Among the Budget announcements by finance minister Nirmala Sitharaman, the one that led to an outcry was a higher surcharge on individuals earning more than Rs 2 crore and Rs 5 crore per annum. Now, a deeper look at the fine print suggests there's a possible flaw that may be potentially discriminatory.
The government now allows partners in firms or LLPs to enjoy the previous tax rates, rather than the enhanced surcharge, as opposed to individuals who earn directly. Ajay Bahl, Managing Partner of law firm AZB & Partners, has made a recommendation to the Sitharaman pointing out the flaw.
In her Budget speech, Nirmala Sitharaman had proposed the following increase in surcharge for high-income earners:
- For individuals earning more than Rs 2 crore to up to Rs 5 crore the surcharge would be 25 per cent
- For individuals with income above Rs 5 crore the surcharge would be 37 per cent
This means that an individual having an income of more than Rs 2 crore or Rs 5 crore would be subjected to a marginal tax rate of 39 per cent and 42.74 per cent, respectively. But, according to Bahl, if the person gets the income as a share of profit in a firm he/she would be subjected to 34.94 per cent tax rate.
In a letter addressed to the minister, Bahl stated that "a large number of individuals who meet your test of being high-income earners but earn that income as a share of profit from a partnership or LLP (firm) will not share the burden that those earning the income in an individual capacity will be bearing".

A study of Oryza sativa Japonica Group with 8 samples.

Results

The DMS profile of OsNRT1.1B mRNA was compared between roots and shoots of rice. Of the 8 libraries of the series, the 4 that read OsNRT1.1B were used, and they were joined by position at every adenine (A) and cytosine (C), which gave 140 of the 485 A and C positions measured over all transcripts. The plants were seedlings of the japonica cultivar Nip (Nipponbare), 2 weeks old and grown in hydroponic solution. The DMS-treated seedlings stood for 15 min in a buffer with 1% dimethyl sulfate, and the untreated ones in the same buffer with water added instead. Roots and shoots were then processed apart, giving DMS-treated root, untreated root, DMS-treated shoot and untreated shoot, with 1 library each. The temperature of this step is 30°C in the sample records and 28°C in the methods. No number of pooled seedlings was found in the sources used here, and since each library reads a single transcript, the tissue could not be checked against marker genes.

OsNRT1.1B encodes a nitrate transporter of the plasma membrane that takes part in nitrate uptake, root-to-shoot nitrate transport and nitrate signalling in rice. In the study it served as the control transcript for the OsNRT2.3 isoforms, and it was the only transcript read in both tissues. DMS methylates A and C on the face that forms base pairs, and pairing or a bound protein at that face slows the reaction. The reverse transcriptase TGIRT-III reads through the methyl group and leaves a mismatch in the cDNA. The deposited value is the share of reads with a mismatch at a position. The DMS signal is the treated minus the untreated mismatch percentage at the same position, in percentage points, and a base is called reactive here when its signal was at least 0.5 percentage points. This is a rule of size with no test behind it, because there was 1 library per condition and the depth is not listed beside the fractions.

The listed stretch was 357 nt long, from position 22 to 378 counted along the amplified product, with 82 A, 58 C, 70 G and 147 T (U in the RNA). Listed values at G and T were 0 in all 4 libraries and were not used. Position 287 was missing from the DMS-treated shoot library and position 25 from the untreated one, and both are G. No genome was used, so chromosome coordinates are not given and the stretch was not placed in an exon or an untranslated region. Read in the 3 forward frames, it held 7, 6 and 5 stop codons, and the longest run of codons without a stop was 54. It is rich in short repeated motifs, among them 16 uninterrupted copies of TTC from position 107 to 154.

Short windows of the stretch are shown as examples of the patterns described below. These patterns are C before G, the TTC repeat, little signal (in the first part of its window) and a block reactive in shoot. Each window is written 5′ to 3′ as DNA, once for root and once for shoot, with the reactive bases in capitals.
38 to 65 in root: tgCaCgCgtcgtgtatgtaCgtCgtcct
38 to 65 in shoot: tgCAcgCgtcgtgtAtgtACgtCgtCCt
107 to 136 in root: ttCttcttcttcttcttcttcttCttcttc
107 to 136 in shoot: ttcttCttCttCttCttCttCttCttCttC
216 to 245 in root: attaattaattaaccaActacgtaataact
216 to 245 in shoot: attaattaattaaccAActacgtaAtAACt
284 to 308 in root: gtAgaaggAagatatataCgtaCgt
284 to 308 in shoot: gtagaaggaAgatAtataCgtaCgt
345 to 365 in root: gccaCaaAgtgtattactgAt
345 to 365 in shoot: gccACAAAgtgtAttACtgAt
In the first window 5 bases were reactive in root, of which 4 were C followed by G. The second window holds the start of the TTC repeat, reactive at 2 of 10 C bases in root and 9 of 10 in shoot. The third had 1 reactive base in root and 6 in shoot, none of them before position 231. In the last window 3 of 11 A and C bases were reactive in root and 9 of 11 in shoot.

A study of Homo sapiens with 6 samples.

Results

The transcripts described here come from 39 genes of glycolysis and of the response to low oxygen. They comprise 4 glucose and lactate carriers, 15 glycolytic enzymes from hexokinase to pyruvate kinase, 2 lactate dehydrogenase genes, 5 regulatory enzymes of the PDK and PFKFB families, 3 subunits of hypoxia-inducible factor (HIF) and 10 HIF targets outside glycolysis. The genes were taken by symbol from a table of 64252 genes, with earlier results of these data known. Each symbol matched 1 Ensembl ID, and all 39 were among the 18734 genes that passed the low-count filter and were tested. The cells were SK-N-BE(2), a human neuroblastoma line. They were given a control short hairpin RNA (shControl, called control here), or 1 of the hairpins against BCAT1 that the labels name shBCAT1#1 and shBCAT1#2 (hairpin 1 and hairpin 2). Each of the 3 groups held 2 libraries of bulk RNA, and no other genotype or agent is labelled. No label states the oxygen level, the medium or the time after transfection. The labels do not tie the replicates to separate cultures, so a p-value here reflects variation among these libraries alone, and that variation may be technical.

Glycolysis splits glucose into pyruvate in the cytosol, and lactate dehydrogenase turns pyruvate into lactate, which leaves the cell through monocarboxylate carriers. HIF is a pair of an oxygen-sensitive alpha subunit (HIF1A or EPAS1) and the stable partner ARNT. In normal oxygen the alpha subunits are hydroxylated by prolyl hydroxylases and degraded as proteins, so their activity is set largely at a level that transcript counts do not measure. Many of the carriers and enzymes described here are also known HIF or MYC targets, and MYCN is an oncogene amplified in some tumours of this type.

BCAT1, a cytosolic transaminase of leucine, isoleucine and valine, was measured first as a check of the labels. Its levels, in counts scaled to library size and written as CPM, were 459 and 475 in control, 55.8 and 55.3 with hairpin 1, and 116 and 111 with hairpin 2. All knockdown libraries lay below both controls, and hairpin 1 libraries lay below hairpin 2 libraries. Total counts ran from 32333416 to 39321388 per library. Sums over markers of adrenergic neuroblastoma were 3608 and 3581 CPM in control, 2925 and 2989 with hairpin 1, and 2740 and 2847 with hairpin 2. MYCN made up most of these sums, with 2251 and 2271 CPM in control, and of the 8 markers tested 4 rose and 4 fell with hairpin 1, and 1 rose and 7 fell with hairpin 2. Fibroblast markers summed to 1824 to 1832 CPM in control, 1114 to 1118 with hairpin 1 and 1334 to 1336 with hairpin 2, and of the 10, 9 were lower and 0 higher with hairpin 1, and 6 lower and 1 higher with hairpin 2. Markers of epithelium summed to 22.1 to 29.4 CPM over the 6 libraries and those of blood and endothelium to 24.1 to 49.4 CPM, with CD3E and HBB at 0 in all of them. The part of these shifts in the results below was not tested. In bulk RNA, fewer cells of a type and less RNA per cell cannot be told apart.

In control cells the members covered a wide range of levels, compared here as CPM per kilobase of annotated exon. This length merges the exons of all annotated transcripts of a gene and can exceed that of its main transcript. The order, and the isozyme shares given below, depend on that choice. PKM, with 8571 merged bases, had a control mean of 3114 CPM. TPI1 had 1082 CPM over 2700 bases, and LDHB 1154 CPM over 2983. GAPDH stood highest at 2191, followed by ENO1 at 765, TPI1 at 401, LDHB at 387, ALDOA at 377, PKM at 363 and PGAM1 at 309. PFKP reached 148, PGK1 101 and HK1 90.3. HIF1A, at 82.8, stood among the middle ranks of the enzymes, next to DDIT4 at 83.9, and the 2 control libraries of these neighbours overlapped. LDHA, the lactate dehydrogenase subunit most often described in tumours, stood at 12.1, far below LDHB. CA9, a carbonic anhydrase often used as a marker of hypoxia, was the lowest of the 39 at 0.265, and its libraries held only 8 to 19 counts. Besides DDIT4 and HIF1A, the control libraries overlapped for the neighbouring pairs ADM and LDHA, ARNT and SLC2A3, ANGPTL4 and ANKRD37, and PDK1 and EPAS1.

He added that there "seems to be no rationale for this discrimination and exemption to one category of income earners".
He also cited an example and said that if one earned Rs 6 crore then the individual who got the income directly would pay Rs 2.53 crore while the one who got the income as share of profit would pay Rs 2.09 crore.
Before offering a solution to the discrepancy, Bahl added, "We are certain that this was not your intention."
The lawyer then suggested the way to restore the imbalance. He further added in his letter, "To restore this imbalance, what is needed is to provide that the amount of tax, surcharge and cess payable by an individual who receives income through a Firm, after taking into account the tax, surcharge and cess paid by the Firm on such income, shall be equal to the amount that would have been payable had the income been earned by him directly."
Bahl mentioned that his suggestion, "if accepted, will not only be fair and non-discriminatory but will augment revenue collection which was the intent behind this levy".